3 Energy Stocks To Brighten Your Portfolio
Cecil is a member of The Motley Fool Blog Network -- entries represent the personal opinion of the blogger and are not formally edited.
The demand for energy is outstripping its supply. Most of the oil and gas reserves that were easily accessible have been depleted, and energy companies are now looking at new inventions to help dig for the proverbial black gold. More expensive endeavors, such as hydraulic fracking and deep sea drilling, are the primary sources of new discoveries. Even with all the new discoveries, a majority of supply for the world's energy requirements still currently emanate from the volatile Middle East. Any disruption in the supply from the Middle East bodes well for U. S. Energy companies covered in this article, as oil and gas reserves will rise in value substantially.
Clean Energy (NASDAQ: CLNE), together with its subsidiaries, provides natural gas as an alternative fuel for vehicle fleets in the United States and Canada. The company is trading around 49% below its 52-week high and has a 26% upside potential based on the consensus mean target price of $15.89 for the company. The company reported earnings earlier this month. EPS was in-line with the street's estimates and the company beat on revenues. Revenue for the third quarter ended September 30 was $91.5 million, up from $72.1 million in the third quarter of 2011. For the nine months ending September 30, revenue totaled $234.9 million, up from $206.5 million a year ago.
Fundamentally, the stock is pretty strong. The company’s expected EPS growth rate for the next five years is 27%, and sales are up 27% quarter over quarter. A key factor to note is that insider ownership has risen 45.51% over the past six months.
Halliburton (NYSE: HAL) is one of the world's largest oilfield services companies with operations in more than 70 countries. The company is trading 25% below its 52-week high and has 43% upside potential based on the consensus mean target price of $42.68 for the company.
The company has a forward P/E of 9.87 and pays a dividend with a yield of over 1.18%. Halliburton's expected EPS growth rate for next five years is 19.30%. The current net profit margin is 10.26%, which is fairly impressive. Halliburton's PEG ratio is .50.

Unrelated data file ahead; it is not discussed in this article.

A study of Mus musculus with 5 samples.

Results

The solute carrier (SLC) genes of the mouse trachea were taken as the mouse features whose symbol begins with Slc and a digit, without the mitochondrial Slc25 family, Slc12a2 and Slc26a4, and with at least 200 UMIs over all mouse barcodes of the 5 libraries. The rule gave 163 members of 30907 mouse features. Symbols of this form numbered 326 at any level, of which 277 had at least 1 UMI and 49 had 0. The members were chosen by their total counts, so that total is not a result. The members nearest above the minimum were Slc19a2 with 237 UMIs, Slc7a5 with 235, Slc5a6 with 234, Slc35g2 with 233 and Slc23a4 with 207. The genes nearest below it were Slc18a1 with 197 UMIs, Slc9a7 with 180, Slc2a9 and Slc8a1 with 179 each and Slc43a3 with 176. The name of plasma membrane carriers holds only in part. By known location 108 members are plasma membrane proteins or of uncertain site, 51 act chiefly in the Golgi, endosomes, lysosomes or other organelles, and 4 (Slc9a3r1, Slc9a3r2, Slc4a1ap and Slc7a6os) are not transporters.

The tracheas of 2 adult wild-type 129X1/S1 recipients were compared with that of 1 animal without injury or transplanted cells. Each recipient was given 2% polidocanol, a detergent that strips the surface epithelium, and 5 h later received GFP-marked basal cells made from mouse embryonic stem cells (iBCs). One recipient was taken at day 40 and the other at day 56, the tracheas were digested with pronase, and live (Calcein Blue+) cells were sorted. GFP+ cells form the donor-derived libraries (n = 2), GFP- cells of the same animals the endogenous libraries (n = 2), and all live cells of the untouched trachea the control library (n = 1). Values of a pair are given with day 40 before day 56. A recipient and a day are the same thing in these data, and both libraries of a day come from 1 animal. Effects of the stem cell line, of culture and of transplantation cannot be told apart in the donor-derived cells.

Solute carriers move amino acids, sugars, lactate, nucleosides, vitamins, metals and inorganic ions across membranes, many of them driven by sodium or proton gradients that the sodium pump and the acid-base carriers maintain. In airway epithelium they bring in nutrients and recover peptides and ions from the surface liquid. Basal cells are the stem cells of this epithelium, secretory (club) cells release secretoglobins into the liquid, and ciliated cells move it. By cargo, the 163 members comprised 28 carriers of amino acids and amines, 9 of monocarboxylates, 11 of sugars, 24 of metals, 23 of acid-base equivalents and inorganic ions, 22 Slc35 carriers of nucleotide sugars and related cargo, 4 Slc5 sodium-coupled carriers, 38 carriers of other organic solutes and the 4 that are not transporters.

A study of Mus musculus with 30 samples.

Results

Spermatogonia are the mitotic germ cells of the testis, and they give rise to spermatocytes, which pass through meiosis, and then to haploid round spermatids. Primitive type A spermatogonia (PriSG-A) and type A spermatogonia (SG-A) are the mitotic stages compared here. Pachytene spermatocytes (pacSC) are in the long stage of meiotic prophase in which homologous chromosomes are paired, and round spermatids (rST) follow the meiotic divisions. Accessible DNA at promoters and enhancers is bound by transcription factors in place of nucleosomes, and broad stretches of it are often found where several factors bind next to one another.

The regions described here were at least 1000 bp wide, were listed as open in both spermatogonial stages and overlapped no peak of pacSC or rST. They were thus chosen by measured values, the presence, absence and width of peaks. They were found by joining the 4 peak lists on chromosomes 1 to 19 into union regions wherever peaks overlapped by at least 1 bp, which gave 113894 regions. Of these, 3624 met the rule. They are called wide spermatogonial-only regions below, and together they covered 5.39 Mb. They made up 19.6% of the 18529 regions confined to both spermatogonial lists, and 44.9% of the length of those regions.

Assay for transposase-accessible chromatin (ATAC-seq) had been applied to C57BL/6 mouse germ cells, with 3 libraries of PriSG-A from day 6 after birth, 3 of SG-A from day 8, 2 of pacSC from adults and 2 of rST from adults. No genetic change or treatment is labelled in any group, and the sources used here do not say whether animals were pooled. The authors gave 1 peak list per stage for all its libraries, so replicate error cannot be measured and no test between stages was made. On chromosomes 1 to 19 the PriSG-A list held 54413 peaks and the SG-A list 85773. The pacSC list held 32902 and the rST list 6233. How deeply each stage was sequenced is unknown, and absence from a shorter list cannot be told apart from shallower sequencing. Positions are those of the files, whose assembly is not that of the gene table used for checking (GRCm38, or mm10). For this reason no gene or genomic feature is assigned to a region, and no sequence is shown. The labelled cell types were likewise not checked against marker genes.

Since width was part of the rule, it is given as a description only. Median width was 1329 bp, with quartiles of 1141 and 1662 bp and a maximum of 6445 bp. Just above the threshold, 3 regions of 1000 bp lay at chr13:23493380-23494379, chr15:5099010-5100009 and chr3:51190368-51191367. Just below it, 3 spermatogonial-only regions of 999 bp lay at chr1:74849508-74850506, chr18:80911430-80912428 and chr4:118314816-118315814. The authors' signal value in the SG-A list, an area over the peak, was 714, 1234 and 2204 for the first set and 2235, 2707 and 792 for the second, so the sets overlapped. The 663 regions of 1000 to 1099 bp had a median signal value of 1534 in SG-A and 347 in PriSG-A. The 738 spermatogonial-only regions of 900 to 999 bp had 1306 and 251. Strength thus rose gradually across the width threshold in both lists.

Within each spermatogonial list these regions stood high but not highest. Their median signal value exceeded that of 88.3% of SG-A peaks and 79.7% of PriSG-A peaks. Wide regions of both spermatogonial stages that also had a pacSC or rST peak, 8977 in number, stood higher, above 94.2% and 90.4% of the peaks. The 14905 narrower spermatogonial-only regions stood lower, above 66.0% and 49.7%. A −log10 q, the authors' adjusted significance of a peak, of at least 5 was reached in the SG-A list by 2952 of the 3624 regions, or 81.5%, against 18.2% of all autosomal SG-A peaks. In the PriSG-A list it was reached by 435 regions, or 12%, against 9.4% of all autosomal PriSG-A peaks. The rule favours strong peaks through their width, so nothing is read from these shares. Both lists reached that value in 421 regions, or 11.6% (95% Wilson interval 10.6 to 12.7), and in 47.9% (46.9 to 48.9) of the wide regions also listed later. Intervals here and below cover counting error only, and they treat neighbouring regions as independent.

The company’s profit streams are stable and it has the added benefit of being one of the oldest and most trusted oil service companies in the business. According to the International Energy Agency, the US is going to become the largest producer of oil by 2017, which will be an incredible opportunity for Halliburton.
Cheniere Energy (NYSEMKT: LNG) is a Houston-based energy company primarily engaged in LNG-related businesses. The company is trading 25% below its 52-week high and has 54% upside based on the consensus mean target price of $22.00 for the company. Earnings per share were up 36% quarter over quarter and insider ownership is up 71% over the past six months. Additionally, many fundamentals are improving incrementally.
Most of the company’s opportunities will emerge in Asia where the price of natural gas is almost double than compared to the US. The challenge for the company will be to ship natural gas, which needs to be cooled, unlike crude oil that can be shipped fairly easily. Cheniere received permission from the US Department of Energy to export LNG produced in North America from its Sabine Pass terminal. The company had already received permission to re-export imported LNG. This will help the company’s long term growth and is one of the primary reasons why you should buy Cheniere Energy.
ceciljohn2002 has no positions in the stocks mentioned above. The Motley Fool owns shares of Clean Energy Fuels and Halliburton Company. Motley Fool newsletter services recommend Clean Energy Fuels and Halliburton Company. Try any of our Foolish newsletter services free for 30 days. We Fools may not all hold the same opinions, but we all believe that considering a diverse range of insights makes us better investors. The Motley Fool has a disclosure policy. Is this post wrong? Click here. Think you can do better? Join us and write your own!